Nina Diaz Is On The Other Side


Nina Diaz joined the punk band Girl in a Coma when she was just 13 years old. It was her sister's band, but she quickly made a name for herself as a fierce and magnetic vocalist, guitarist and songwriter. Around that same time, she also started drinking. Then came drugs. It wasn't long before she struggled with full-on addiction to alcohol, cocaine and meth. Now Diaz is clean, and she's just released a new solo album, The Beat Is Dead. The record chronicles her addiction, her sobriety and all the stops in between.

When you're 13, being a punk frontwoman can be both terrifying and thrilling. "At first, it was just a big rush, you know," Diaz says. "Ultimately, it was something very self-destructive to me, but I gained a lot out of it. I'm actually kind of happy things happened the way they did, because now I am the woman that I am today."

Diaz, who's now 28, wrote some of the material on The Beat Is Dead while she was still using drugs. She says it's rewarding to come back to those songs now. "After getting sober, I was really able to give them the attention they deserved," she says. "It was very liberating to go back to them and just give them the love that they needed."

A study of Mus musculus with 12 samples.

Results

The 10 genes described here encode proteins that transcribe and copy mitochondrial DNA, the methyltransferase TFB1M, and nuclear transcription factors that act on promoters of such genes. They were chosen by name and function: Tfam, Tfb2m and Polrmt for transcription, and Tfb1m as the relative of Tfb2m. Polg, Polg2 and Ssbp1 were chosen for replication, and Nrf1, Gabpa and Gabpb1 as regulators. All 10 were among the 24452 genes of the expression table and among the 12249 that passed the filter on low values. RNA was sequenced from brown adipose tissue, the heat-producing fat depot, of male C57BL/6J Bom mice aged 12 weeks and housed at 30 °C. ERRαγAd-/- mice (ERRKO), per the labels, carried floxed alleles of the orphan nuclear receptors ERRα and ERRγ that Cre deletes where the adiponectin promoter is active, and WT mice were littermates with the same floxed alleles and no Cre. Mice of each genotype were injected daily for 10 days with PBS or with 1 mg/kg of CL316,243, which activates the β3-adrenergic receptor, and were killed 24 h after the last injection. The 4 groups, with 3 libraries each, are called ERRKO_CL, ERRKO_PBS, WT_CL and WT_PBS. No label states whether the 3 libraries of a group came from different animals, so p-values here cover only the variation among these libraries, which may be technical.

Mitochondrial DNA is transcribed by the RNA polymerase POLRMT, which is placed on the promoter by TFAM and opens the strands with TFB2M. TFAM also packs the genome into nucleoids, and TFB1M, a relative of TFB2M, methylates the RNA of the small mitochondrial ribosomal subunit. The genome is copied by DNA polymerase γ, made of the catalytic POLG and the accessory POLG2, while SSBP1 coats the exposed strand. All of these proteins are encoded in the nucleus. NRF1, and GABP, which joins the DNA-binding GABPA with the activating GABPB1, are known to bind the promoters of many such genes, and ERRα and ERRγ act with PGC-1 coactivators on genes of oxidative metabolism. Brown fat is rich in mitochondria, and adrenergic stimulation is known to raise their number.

One of the songs on the album, "January 9th," addresses a critical moment for Diaz. Her grandmother, with whom she was close, passed away on Jan. 9, 1998. On that same date in 2013, not long before she stopped using drugs, Diaz was working on a song. "It happened to be a very eerie kind of night," she says. "And I was recording [the song] on my phone, and I swear you can hear whispers in it. ... It's as if something was in there, kind of telling me what to say." She says felt the presence of her grandparents — and later realized what day it was.

Diaz says she's been sober for three and a half years now. Being on the road, around a lot of drugs and alcohol, can present its challenges, but she says her band is supportive.

"They respect me and they understand what kind of message I'm trying to show in my music," Diaz says. "And if I ever do feel awkward in a situation now, I just walk out. ... I'll just go outside and have a smoke and wait until I feel ready to go back into the crowd."

Hear more of Diaz's conversation with NPR's Scott Simon at the audio link.